Lizzie is Not Herself Today: Angela Carter’s “The Fall River Axe Murders”

Presented by imaginary beasts
Adapted from the short story by Angela Carter
Directed by Matthew Woods

Oct. 1-22, 2016
Plaza Black Box Theater
Boston Center for the Arts
Boston, MA
Imaginary beasts on Facebook

Review by Kitty Drexel

(Boston, MA) Anyone who lives in NE and isn’t familiar with the Lizzie Borden story, can’t call themselves a native. On August 4, 1892, Lizzie Borden allegedly murdered her father and stepmother with an axe. An axe any family of the times would have kept to chop wood for the kitchen or other necessary household fires. The Borden axe was spectacular for its extracurricular activities only.

The Fall River Axe Murders is a short story written by Angela Carter and adapted for the stage by imaginary beasts. In it, a sextet of narrators (Kamelia Aly, Melissa Barker, Joy Campbell, Cari Keebaugh, Catherine Luciani, Kaitee Tredway) examine the minutes before Andrew and Abby Borden are extinguished by the blade. They are our documentarians, and supporting witnesses into the character of the Borden family. Before the murders, Lizzie was a known to the town as a moral, charitable citizen who worked towards the care of the less fortunate. Her infamous crazy eyes, which stare deep into the pit of your soul from her onstage portrait, tell a different story.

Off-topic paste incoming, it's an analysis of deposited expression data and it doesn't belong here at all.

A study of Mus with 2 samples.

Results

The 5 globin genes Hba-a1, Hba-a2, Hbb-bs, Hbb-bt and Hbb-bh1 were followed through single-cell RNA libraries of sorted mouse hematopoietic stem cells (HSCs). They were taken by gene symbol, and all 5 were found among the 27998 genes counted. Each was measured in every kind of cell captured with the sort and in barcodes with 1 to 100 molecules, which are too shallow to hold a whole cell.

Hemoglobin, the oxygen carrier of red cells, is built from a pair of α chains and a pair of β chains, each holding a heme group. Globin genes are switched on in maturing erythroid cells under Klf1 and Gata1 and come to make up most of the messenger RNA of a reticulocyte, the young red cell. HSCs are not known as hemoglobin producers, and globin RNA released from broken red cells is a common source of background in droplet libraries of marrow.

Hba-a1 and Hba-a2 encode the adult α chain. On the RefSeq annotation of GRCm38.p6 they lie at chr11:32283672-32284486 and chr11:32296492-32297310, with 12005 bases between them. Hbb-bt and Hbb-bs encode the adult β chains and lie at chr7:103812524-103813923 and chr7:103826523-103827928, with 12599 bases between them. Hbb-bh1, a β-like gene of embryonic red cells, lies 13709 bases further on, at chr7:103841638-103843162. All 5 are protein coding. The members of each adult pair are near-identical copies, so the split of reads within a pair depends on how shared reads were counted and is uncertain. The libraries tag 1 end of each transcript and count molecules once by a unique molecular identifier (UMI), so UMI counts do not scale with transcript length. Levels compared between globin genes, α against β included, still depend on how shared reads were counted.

The set design is gorgeous. Matthew Woods and Christopher Bocchiaro give us a fantasy realm in gauzes, wood textures and bleak silhouettes to tickle the neuroses. The psychological impact is compounded by Sam Beebe’s sound design and compositions. Bocchiaro’s lighting is the icing of the creepiness cake. Together they’ve created Klimtian meets Munchian scene pictures.

There is only one weak moment in The Fall River Axe Murders; it is the short singing of the Borden nursery rhyme by the cast. Immediately after Kaitee Tredway treats us to a stunning noir ballet as the Angel of Death/Labyrinth’s junk lady with wings, the cast clambers across the stage singing the rhyme in clashing pitches. This moment has the potential to be scary a la any little girl in a horror film but it lacks conviction. It appears as if the actresses are insecure in either the music or their staging. The pitches aren’t the issue; the ensemble’s insecurity is. The tempo of the play picks up shortly after. We don’t forget the singing but we aren’t stuck on it either.

Angela Carter’s scrumptious text flows naturally from the page to the stage. Wood’s adaptation is true to Carter’s short story. The acting is sure to send shivers down your spine. Avid fans can rest easy that the original work is unadulterated. This play is a twisted fairy tale; Lizzie is a mad Cinderella oppressed by her ravenous, wicked stepmother. The entire family existed in squalid living and social conditions. Instead of taking her revenge by living well, Borden allegedly exacted her revenge via graphically discussed violence. Children should not attend. Extra-sensitive adults shouldn’t either.


The internet is dark and full of terrors.